Domestic dynamics: Spare Rib, the family and the home

What is the impact of raising children in a nuclear family? Should domestic labour be shared equally between men and women? Does marriage and family life make women financially dependent on their husbands? This article explores Spare Rib’s examination of the politics of traditional domestic roles.

A woman’s place?

The demands of the family and domestic life have concerned feminists for generations. Since the industrial revolution, marriage and the family have been central to patriarchal society. Until the latter part of the 20th century it was widely accepted that the heterosexual family unit was the best structure within which to raise children. It also provided a productive and compliant male workforce which was able to meet the burgeoning demands of a modern industrialised society.

At the centre of this domestic sphere (and essential to it) was the housewife. In the 1950s and 60s, marriage, a home and family were understood as the ideal that everyone should strive for. By the 1970s, however, feminists had started to argue that the family structure was fraught with inequality and inherently oppressive to women. They worked to raise awareness that women’s position in society as wives and mothers was dictated by political and cultural factors rather than biological difference. They sought to explode the myth that home and family was a woman’s natural habitat. Many of these debates were recounted in the pages of Spare Rib.

Spare Rib magazine issue 026

Spare Rib magazine issue 26 p. 1

Front cover of issue 26 showing illustration of a woman hanging a sheet on a washing line.


Whether they were working class or middle class, and whether they engaged in paid work outside the home or not, women of the 1970s would have carried out many hours of unpaid labour in the home in the form of housework and childcare. Feminists found this situation unacceptable and started to make demands which would both raise the status of the work done in the home and provide alternatives to the domestic status quo. In 1972 Selma James set up the Wages for Housework Campaign. She argued that western capitalist economies are dependent on women’s unpaid labour and that governments should recognise this work as part of their GNP and pay women a wage for this work.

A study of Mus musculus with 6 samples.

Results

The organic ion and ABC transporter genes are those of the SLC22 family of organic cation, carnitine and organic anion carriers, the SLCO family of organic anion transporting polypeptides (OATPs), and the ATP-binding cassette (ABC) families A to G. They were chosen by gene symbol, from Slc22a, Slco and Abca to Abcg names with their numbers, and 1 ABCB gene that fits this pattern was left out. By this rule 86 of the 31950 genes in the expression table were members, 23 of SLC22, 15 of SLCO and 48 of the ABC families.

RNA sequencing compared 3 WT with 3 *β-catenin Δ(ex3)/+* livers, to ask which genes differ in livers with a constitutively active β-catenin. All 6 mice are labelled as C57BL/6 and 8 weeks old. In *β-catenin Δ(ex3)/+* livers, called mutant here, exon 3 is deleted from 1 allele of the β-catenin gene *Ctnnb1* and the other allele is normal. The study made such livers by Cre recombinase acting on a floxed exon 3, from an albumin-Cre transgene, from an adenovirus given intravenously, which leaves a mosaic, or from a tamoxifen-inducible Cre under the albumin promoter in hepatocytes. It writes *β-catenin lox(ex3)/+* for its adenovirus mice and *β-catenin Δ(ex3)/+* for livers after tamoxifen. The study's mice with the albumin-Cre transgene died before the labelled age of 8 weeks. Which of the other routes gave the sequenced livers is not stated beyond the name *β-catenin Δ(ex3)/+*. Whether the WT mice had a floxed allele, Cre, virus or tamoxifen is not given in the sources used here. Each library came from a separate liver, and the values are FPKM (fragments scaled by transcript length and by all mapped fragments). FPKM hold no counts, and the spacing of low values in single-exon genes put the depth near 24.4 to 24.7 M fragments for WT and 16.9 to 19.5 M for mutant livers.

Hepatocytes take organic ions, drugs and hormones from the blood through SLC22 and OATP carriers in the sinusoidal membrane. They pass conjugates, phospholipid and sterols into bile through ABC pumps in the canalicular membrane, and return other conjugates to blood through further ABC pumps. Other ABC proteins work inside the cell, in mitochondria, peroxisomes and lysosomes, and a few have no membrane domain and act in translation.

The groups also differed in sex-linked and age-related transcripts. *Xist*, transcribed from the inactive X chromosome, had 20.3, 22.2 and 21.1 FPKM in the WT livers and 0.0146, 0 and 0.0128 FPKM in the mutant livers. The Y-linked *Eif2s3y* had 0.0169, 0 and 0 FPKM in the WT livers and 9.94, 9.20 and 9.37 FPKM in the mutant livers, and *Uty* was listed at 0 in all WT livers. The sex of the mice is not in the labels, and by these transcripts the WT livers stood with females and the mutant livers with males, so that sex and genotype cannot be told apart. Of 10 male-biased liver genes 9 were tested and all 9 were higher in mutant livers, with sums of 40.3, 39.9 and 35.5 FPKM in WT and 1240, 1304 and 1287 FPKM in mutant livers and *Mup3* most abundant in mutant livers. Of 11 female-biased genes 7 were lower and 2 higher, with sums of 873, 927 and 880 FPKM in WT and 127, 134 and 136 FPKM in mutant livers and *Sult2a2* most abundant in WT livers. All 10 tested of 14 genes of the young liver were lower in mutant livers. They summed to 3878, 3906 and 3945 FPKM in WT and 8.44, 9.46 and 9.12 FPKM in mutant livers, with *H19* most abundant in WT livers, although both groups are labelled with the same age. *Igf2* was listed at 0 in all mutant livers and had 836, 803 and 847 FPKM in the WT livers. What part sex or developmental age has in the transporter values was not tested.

Spare Rib magazine issue 180

Spare Rib magazine issue 180 p. 44

Article about the wages for housework campaign with a photograph of campaigners.


Article exploring the social history of housework.


Spare Rib magazine issue 122

Spare Rib magazine issue 122 p. 1

Front cover drawing attention to the fact that men were slow to take up the challenge of sharing childcare.


Spare Rib magazine issue 005

Spare Rib magazine issue 5 p. 10

Article questioning whether the traditional family structure is effective.


Spare Rib magazine issue 45 p. 6

Article about one woman’s experience of trying to share domestic tasks with her husband.


Free 24-hour childcare was one of the original 4 ‘demands’ made at the first UK Women’s Liberation Conference in February 1971. Feminists saw childcare as central to the issue of women gaining equality in society. Until children started school at the age of five, the burden of their care and welfare fell squarely on the mother’s shoulders. Many women chose to work or had to work for financial reasons but provision for pre-school children and for after-school care of older children was woefully inadequate during the 1970s. In spite of resistance to their demands and some complex logistical and financial challenges, one particular group of women in north London persisted and, in May 1971, the first council-funded childcare centre was set up in a converted house in Dartmouth Park Hill, Highgate. In a compelling article from the time, ‘Not so much a day nursery’, the group outline their aims and ideologies.


Article about the setting up of the first council-funded childcare centre which opened in north London in December 1972.


Feminists challenged the accepted norm that children should have one sole female carer, ideally the mother, and that this role was biologically determined. This article, written in 1973, challenges the accepted wisdom that children would suffer irreparable emotional damage if they were separated from their mother. It questions the notion that only the mother can fulfil a child’s needs and explores alternatives to the conventional family unit.


Article challenging conventional ideas on mothering and the effects of so-called ‘maternal deprivation’.



Front cover of issue 35, May 1975, showing children growing up in a commune.


Spare Rib magazine issue 066

Spare Rib magazine issue 66 p. 14

Article exploring alternatives to the family for bringing up children in the 1970s.


  • Louise Kimpton Nye
  • Louise Kimpton Nye is an educator, community worker and writer with an interest in women’s issues and contemporary women’s history. Having volunteered at Spare Rib in 1990-1991, she went on to develop support and education programmes in London for women and children experiencing poverty and isolation. She has taught and managed English for Speakers of Other Languages classes since the early 1990s and has been working on the Spare Rib digitisation project since February 2014.